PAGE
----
Tachyon tidbits featuring Caitlín R. Kiernan, Peter Watts, Jane Yolen, Peter S. Beagle, and Brian Aldiss
The latest reviews and mentions of Tachyon titles and authors from around the web.
Micah Castle, on his eponymous site, praises THE VERY BEST OF CAITLÍN R. KIERNAN.
Kerinan’s prose is provocative, mysterious, soothing, decadent, flowery without being flowery. It’s seeing a master at her best. It’s inspiring, mystifying, indescribable. I could try to describe how much I enjoy her prose, but it would only come out wrong. It would be like a child trying to describe the vastness and mystery of the cosmos.
For SHELF AWARENESS, Jennifer Oleinik reviews the unflinchingly honest PETER WATTS IS AN ANGRY SENTIENT TUMOR.
Those seeking peace of mind and a sunny outlook on life will not find much of them here, but Watts still manages to appreciate moments of good mixed in with the bad. As he says, “Even my most bitter diatribes might not be totally fatalistic.” Watts’s unflinching honesty, both brave and harsh, is what drives the collection, and whether readers agree with him or not, he certainly knows how to start a conversation.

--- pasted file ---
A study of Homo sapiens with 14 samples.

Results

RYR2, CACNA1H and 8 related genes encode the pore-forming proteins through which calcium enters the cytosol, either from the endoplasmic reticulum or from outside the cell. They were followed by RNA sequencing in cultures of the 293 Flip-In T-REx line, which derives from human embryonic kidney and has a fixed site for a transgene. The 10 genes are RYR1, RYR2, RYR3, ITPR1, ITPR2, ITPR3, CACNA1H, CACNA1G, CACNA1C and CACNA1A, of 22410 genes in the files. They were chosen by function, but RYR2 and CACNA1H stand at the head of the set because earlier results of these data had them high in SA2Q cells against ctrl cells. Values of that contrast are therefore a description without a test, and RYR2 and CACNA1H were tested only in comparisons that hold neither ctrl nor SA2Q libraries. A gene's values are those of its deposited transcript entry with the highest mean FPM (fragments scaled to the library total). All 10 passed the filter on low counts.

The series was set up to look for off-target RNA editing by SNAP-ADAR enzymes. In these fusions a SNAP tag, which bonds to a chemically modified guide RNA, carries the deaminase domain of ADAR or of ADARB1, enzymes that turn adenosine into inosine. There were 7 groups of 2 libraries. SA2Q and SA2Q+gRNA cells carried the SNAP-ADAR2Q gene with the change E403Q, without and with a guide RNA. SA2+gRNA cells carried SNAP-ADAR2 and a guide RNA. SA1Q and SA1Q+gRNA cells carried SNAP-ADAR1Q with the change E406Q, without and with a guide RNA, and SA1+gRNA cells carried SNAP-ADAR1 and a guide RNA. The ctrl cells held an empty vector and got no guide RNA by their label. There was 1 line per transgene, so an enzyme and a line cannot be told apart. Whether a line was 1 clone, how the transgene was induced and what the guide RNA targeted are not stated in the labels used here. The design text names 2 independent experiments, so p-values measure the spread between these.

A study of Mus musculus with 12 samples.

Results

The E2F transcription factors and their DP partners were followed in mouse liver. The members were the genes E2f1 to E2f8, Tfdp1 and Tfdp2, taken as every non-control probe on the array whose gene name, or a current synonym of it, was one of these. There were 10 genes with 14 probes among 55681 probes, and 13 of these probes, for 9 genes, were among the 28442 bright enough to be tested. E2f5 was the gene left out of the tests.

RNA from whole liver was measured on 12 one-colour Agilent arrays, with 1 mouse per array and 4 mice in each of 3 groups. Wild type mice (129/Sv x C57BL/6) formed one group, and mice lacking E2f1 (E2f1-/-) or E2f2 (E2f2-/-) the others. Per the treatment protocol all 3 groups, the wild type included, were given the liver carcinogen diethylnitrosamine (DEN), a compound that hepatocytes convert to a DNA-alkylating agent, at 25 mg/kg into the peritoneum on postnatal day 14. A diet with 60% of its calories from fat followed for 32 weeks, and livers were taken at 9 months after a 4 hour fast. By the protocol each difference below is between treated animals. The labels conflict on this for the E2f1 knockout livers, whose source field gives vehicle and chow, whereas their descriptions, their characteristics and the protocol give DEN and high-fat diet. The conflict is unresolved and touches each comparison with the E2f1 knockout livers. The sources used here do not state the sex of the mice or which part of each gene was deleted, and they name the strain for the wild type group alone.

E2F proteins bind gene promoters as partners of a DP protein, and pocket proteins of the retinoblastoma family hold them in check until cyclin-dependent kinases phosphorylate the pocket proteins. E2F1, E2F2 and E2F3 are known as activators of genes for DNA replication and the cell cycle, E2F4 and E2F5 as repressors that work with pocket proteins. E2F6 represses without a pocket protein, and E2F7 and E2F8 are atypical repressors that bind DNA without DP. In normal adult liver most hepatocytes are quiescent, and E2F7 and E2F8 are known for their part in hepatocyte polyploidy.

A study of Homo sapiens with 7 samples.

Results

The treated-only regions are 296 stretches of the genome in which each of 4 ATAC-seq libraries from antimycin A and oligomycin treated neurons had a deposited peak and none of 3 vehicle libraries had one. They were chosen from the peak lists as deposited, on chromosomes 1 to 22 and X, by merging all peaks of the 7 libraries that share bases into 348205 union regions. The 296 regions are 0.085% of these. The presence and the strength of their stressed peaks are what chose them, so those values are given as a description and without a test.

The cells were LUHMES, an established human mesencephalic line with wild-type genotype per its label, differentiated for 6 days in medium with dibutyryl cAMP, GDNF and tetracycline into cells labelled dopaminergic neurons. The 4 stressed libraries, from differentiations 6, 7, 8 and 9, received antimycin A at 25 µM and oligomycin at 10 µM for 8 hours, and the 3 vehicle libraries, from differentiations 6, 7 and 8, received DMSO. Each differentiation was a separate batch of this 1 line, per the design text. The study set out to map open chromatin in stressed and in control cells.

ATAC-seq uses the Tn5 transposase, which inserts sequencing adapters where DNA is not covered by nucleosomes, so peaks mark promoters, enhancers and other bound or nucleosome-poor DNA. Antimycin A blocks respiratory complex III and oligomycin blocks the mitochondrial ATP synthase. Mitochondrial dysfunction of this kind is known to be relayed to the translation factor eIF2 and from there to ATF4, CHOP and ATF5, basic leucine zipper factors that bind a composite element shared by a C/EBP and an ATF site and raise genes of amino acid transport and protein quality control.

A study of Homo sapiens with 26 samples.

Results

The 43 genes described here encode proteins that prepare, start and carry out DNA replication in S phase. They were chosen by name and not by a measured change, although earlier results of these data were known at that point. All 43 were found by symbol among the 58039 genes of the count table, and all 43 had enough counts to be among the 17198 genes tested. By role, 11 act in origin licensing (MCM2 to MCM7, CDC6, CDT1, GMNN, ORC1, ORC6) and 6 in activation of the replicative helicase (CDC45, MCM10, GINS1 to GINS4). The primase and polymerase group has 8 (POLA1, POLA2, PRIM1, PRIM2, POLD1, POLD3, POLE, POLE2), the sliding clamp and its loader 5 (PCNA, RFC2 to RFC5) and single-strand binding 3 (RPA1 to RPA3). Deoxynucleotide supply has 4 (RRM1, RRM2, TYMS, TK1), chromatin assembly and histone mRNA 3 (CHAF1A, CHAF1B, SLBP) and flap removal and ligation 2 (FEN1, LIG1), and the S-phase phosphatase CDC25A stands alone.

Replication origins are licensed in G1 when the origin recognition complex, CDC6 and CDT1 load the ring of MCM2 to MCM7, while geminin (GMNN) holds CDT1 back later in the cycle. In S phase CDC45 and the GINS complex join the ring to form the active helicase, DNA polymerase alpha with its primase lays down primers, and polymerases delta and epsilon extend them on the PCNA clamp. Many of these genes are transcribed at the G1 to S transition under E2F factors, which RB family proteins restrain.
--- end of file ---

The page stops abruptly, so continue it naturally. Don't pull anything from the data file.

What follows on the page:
Jee Wan at HOOKED ON BOOKZ enjoys Jane Yolen’s HOW TO FRACTURE A FAIRY TALE.
Got this book from a swap I participated in, which was also a book on my wishlist. And my…was it love at first read! Jane Yolen is going to be an auto-buy for me from now on, just like Alice Hoffman!
NOVEL NOTIONS feels much the same about Yolen’s fellow Grandmaster Peter S. Beagle’s THE OVERNEATH.
THE OVERNEATH is a truly lovely collection. It’s etherial and imaginative and wonderfully maudlin, which is a hard balance to strike. Beagle is a powerhouse of classical fantasy, and this collection proves that he’s still very much relevant, and that he still has a lot to say.
Rebecca Whittaker, in the OXFORD MAIL, writes about My Father’s Belongings, the photography exhibition by the late Brian Adliss’ daughter, Wendy Aldiss.
Ms Aldiss said: “I was very close to my dad, he was very important to me and one of the things I was missing was photographing him, not that I photographed him a lot it’s just that photography is one of the ways I deal with things.”
She continued:“For me it was part of the grieving process, a lot of people understand the grief of dealing with deceased family members possessions. There I was in his house discovering things, some were a delight, some were challenging but it’s my ideal to be gripped.”